ADVICE: Helping others through their grief
The online news portal of TV5
This weekly column is courtesy of the Psychological Association of the Philippines. Do you have a question you've always wanted to ask a psychologist? Email us at email@example.com
My friend is a single parent and she lost her home and child in the flood of Sendong. We are trying to be with her to pick herself up. She often appears "tulala" (dazed) and would say things like, "dapat namatay nalang ako." (I should have just died.) I am scared that she will hurt herself. What can I do?
Psychological trauma can result from a one-time traumatic event such as natural disasters (e.g., Typhoon Sendong) and deaths (particularly the loss of a loved one). In your friend's case she experienced both so it becomes more devastating.
The first thing you should know is that this is not unusual. In fact, many trauma survivors often feel like they are going "crazy" or that there is something seriously wrong with them. Although there is no one set of symptoms that all trauma survivors experience, some of the more common effects of trauma are:
- Reexperiencing the traumatic event (e.g., having nightmares or distressing memories)
- Avoidance or numbing (such as feeling detached or disconnected to people and things around you)
- Hyperarousal (e.g., irritability, difficulty sleeping, bursts of anger)
- Other symptoms like depression, despair, and loneliness; fear and anxiety; guilt and self-blame; and, social isolation.
It is important that you first reassure her that grief is normal. Thus, the goal of grieving is not the elimination of all the pain or the memories of the loss. Instead, the goal is to reorganize one's life so that the loss is one important part of life rather than the center of one's life. As recovery takes place, the individual is better able to accept the loss and resume a "normal" life. However, the process of grieving requires time, patience, courage, and support.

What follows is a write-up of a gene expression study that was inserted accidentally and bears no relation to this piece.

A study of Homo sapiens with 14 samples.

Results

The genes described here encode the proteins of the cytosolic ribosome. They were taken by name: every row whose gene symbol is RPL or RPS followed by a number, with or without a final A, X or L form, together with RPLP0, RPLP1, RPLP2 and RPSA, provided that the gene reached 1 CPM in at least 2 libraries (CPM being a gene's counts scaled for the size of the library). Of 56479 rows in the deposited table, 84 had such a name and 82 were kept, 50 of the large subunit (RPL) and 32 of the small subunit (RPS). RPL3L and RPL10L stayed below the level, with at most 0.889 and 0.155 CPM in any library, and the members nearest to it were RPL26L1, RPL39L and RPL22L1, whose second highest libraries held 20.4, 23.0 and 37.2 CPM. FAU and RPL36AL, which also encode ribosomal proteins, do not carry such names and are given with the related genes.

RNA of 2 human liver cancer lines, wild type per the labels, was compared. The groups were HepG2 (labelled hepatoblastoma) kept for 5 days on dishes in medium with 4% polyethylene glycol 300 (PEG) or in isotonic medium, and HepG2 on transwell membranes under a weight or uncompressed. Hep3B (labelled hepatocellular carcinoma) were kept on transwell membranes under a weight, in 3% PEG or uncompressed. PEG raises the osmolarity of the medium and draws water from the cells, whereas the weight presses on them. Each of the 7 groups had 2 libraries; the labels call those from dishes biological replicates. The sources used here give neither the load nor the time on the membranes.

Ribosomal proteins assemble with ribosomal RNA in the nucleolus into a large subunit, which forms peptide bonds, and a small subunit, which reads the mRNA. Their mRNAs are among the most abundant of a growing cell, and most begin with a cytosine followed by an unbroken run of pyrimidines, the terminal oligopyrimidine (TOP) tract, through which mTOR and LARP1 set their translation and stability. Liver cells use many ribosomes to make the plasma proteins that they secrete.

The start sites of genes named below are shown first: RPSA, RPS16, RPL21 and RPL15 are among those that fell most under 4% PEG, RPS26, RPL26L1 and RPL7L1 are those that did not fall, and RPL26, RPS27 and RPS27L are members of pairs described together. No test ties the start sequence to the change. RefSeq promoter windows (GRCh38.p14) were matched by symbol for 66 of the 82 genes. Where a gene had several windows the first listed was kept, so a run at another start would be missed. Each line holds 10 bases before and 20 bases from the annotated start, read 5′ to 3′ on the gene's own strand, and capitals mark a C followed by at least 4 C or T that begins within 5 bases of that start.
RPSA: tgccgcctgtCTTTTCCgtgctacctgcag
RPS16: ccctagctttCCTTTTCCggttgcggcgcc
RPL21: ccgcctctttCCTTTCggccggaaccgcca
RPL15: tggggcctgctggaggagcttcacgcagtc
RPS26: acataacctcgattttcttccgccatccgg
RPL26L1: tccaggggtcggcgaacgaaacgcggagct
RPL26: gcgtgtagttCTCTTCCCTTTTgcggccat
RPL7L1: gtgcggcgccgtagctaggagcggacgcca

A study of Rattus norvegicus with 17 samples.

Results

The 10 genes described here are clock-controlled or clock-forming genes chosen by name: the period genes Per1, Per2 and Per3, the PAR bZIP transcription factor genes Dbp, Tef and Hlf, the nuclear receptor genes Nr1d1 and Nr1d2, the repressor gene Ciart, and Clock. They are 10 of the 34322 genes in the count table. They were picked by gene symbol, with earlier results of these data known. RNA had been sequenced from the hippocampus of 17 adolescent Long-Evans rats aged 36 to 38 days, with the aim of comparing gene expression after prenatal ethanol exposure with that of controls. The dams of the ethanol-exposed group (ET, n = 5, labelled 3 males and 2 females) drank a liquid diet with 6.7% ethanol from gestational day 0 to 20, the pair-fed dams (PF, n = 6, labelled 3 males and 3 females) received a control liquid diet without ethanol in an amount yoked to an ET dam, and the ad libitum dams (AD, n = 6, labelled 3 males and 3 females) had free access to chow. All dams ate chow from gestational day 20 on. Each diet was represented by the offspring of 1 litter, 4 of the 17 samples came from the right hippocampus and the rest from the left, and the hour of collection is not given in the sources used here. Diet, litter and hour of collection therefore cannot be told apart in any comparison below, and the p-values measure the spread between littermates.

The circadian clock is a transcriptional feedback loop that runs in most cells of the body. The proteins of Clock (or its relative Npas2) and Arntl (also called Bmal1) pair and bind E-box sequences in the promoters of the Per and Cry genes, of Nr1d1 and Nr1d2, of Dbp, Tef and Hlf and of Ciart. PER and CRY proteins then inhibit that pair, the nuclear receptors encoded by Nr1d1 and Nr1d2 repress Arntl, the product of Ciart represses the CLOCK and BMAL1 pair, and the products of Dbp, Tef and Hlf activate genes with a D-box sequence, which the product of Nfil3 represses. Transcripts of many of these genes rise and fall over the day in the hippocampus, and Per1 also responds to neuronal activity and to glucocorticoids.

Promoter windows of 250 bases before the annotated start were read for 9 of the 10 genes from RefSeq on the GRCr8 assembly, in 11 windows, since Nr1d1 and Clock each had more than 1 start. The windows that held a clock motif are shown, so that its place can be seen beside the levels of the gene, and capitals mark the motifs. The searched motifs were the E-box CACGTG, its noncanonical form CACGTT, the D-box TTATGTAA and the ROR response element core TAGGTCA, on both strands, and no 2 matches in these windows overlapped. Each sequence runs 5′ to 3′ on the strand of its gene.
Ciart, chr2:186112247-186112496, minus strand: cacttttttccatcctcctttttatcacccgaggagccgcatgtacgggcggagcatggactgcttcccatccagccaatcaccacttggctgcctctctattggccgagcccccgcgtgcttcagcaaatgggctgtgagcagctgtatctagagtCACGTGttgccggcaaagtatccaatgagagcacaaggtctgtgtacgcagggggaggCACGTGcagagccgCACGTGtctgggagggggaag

What can you do to help your friend? Here are some suggestions for helping the person in grief, especially if you truly feel that suicide is a possibility:
Remain calm. In most instances, there is no rush. Don't let discomfort, fear, or uncertainty stand in the way of making contact and being a friend.
Be a good listener. Many in grief need to talk about their loss, the person, related events, and their reactions. Allow grievers to tell their stories and express their feelings. Be patient and accepting of their expressions.
Exercise patience. Give bereaved people "permission" to grieve for as long or short a time as needed. Make it clear that there is no sense of "urgency" when you visit or talk. Remember, there are no shortcuts.
Provide practical help. It's usually not enough to say, "If there's anything I can do, let me know.” Decide on a task you can help with and make the offer.
Be available and accepting. Accept the words and feelings expressed, avoid being judgmental or taking their feelings personally, avoid telling them how they should feel or what they should do.
Encourage problem solving and positive actions. Remember that the person involved in emotional crisis is not thinking clearly; encourage her to refrain from making any serious, irreversible decisions while in a crisis. Talk about the positive alternatives which may establish hope for the future.
Get assistance. Although you want to help, do not take full responsibility by trying to be the sole counsel. Seek out resources which can lend qualified help, even if it means breaking a confidence. Let the troubled person know you are concerned–so concerned that you are willing to arrange help beyond that which you can offer.
Deal directly with the topic of suicide. Talking about suicide is a cry for help. Don't be afraid to ask or talk directly about it. Don't reprimand them for thinking about it. Instead, whenever she appears to have suicidal thoughts, help her clarify where this is coming from and ask her to question the validity of her thoughts/beliefs that lead her to hopelessness. She needs to be reminded that a suicidal crisis is temporary. Unbearable pain can be survived. Help is available and she is not alone.
Dr. Margaret U. Alvarez is a faculty member of the Silliman University Department of Psychology and Dean of the College of Arts and Sciences. She is also currently External Relations Officer of the Psychological Association of the Philippines.
This column is courtesy of the Psychological Association of the Philippines. Do you have a question you have always wanted to ask a psychologist about? Email us at firstname.lastname@example.org.